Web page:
Kevin O'Leary Says to 'Survive the Rest of Your Life' You'll Need This Hefty Amount in Your Bank Account The "Shark Star" explained the concept of passive income based on interest rates.
"Shark Tank" star and multi-millionaire investor Kevin O'Leary is known for his cut-and-dry, sometimes blunt approach to giving financial advice.
So when he told his YouTube viewers what he believes is the magic number people need in their bank accounts to "survive the rest of your life," some fans were shocked.
The number in question? $5 million.
"You can take care of a lot of people making six or seven percent of $5 million," O'Leary explained. "When you make that you have to set that aside and you don't risk it."
By setting aside the $5 million and not touching it, O'Leary suggests, the rest of any income that you make can then be used as "risk capital" to invest or spend on less stable ventures without having to worry about it affecting your overall financial security.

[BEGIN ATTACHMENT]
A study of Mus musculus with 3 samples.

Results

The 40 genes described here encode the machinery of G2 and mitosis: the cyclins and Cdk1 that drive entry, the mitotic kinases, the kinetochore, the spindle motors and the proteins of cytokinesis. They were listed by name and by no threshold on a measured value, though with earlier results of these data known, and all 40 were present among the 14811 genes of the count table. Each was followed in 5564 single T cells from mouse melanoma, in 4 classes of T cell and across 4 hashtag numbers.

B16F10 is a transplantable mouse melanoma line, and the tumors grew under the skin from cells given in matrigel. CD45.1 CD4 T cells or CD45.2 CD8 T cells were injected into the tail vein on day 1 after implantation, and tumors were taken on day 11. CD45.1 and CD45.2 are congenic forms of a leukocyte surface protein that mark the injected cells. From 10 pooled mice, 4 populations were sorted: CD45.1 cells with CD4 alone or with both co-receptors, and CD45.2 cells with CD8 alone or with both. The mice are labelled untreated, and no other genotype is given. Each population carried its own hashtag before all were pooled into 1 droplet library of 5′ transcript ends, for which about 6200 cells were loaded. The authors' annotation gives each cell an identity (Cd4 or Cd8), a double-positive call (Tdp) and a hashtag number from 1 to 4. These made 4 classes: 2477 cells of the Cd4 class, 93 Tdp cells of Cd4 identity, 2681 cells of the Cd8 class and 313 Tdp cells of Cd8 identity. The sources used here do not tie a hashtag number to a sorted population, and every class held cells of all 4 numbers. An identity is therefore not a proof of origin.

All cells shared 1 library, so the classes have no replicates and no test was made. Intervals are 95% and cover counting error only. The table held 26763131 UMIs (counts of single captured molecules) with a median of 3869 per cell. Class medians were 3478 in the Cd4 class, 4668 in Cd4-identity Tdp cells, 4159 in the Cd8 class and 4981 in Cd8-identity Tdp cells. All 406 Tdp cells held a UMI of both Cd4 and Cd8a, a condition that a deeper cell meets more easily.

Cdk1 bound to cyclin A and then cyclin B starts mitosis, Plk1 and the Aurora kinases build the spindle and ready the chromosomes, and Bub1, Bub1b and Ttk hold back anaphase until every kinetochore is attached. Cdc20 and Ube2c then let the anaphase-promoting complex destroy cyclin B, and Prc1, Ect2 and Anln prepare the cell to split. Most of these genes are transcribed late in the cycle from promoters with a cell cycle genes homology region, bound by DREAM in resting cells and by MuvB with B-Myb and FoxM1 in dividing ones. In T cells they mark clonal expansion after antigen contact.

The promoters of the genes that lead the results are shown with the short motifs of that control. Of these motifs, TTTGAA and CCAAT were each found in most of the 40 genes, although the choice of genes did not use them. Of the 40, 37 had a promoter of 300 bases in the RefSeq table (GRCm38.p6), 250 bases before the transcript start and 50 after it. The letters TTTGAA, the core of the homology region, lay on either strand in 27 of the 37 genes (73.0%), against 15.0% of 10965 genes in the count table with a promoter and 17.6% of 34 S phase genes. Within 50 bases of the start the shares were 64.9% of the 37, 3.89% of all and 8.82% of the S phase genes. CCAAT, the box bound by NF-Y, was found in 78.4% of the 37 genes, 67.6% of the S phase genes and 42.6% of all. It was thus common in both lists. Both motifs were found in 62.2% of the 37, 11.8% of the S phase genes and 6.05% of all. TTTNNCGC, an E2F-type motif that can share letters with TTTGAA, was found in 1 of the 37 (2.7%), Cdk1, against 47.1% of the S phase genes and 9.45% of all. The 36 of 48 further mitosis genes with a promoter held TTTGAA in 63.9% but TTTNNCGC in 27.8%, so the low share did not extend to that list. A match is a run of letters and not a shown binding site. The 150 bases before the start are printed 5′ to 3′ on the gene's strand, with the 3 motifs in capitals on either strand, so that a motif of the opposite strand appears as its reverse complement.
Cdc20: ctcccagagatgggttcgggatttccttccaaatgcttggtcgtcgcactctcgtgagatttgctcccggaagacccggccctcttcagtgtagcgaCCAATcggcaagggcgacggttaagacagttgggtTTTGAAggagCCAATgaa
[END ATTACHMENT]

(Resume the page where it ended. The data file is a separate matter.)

O'Leary's theory is based on the idea that gaining interest on money invested will produce passive income that will create a safety net for individuals and their families.
For example, on the high end of the investor's estimate, a seven percent annual interest on $5 million is $350,000 of passive income.
However, fans in the comment section slammed O'Leary for being tone-deaf, with many saying they live "paycheck to paycheck" and that the only people who can take his advice would need to "be wealthy first." Others thought it was "reasonable."
"No problem. I'll just go to my money tree in the backyard," one person joked.
"Everyone here is missing the point," another offered. "Don't take crazy risks until you have plenty of reserves. That's it."
O'Leary and his portfolio of companies at O'Leary Ventures were impacted by the collapse of Silicon Valley Bank earlier this year, which forced him to move his financial assets into several different financial institutions following the failure.
"Going forward, I think a lot of bank managers are going to say, 'Wait a second, I have no risk ... because if anything goes wrong, as long as I stay within the baseball rules of banking, nothing can happen to me because the Fed covers all my depositors," he said at the time.
O'Leary's net worth as of Wednesday afternoon was an estimated $400 million.